1. #1

    Optimizing/defragging sample drives

    Stupid question alert, but I am a Mac guy who is forever paranoid when it comes to my Giga PC.

    Because of all the updating (and adding of files to) the sample drives (D:, E, isn\'t a good idea to optimize/defragment those drives just as Tascam (Dave Casey) recommends in the PC optimization guide? I routinely scan and defrag the C: (system) drive, but the sample drives are actually doing more of the work-streaming etc., right?
    I\'m nervous about moving around those big sample files.

    Thanks in advance.

  2. #2

    Re: Optimizing/defragging sample drives

    In my experience you better have some backups of the more important edits. I, indeed, ran into some troubles with a few files after defragmenting the gig drive in Windows 98. So I\'m not willing to say that it\'s a 100% safe.

    Alex Cremers

  3. #3

    Re: Optimizing/defragging sample drives

    That\'s what I was afraid of. Thanks.

  4. #4

    Re: Optimizing/defragging sample drives

    I would have thought the drive would stay defragmented if you\'re not writing to it all the time and don\'t have it overly full.

  5. #5

    Re: Optimizing/defragging sample drives

    Hey Nick,

    I\'m not writing to it all the time, but with version updates (.art files. etc.)and adding sound libs periodically, I\'m writing to it maybe once a month.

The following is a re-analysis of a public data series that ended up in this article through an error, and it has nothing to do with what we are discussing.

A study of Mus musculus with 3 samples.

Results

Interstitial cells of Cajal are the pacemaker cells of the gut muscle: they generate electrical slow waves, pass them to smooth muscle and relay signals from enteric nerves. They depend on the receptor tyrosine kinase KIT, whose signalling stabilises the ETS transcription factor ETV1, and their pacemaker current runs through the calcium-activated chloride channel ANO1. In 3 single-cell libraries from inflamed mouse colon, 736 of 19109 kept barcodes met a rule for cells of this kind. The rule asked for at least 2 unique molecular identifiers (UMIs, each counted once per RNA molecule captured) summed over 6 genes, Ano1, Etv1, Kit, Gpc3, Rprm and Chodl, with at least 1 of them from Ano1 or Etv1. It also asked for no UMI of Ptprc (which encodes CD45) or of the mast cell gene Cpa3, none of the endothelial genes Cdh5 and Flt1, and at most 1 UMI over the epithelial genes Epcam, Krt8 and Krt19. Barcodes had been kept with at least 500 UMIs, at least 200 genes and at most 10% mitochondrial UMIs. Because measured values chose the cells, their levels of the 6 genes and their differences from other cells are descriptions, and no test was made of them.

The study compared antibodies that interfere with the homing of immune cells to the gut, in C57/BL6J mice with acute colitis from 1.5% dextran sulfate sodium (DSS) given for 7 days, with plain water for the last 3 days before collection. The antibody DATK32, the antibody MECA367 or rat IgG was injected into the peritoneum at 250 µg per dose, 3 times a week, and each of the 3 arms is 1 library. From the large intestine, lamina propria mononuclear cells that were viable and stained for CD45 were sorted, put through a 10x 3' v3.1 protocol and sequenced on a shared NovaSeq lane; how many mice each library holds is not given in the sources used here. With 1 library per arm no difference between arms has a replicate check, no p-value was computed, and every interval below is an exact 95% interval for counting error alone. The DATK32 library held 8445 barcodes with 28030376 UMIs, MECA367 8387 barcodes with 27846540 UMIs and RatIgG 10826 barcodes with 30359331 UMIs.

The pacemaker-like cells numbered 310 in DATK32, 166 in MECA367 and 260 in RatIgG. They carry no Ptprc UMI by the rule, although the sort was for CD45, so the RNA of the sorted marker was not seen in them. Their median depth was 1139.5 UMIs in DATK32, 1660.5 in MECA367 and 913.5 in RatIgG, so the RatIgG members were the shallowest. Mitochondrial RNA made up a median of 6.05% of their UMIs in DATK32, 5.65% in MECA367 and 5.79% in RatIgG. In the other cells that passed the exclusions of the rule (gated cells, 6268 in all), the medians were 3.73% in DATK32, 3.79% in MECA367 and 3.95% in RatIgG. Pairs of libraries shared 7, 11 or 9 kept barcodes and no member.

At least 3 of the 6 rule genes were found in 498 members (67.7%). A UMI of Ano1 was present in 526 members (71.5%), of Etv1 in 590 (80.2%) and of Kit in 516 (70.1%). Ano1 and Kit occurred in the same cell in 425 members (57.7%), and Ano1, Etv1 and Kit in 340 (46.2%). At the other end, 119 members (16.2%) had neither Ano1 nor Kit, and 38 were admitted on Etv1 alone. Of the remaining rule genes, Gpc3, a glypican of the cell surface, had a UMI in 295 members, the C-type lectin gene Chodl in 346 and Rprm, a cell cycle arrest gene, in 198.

Enough to cause fragmenting that would affect performance? I am not sure.


    John Z.

  6. #6
    Join Date
    Jun 2000
    Chandler, Arizona

    Re: Optimizing/defragging sample drives

    I\'ve never had a problem defragging drives in 15 years on hundreds of computers. I always check the drives for errors before defragging them. My Giga machine is defragged once a month. My computer with Sonar and Kontakt is defragged every week.

  7. #7

    Re: Optimizing/defragging sample drives

    I have also never introduced an error from defragmenting and I have interrupted them in the middle.

    Also, a drive doesn\'t become fragmented if it has not been written to since its last defrag. Fragmentation is a result of writing files. A fragmented disk is one where the data associated with a file is non-contiguous on the disk. This, of course, slows the read since the drive has to do more multiple seeks per file (sample) instead of one. Seeking is very very slow relative to the streaming of data off a disk. GigaSampler is all about reading data from disk.

    I have sample only disks which means no applications and now writing of audio data, GS .wav rendering etc. on to those disks. It take a long time to defrag 120 GB.

    Is mac defragmenting automatic?

  8. #8

    Re: Optimizing/defragging sample drives

    Hi Craig,

    Yes, indeed I do defrag my system drive on the Mac where my apps/MIDI files/non-music files reside. After backing up the audio drive, I would generally reformat and repartition it after a particular project.

    I considered defragging the .gig drives on my PC because I have been writing to them a fair amount lately, what with all the updated .art files from Sonic Implants, Garritan, SAM hns and Bones et. al.,not to mention the recent addition of new libraries. I realize that the .gig drives are doing alot and need to be able to perform at their optimum level. Reformatting, and then reloading all those samples onto my .gig drives is not a good alternative.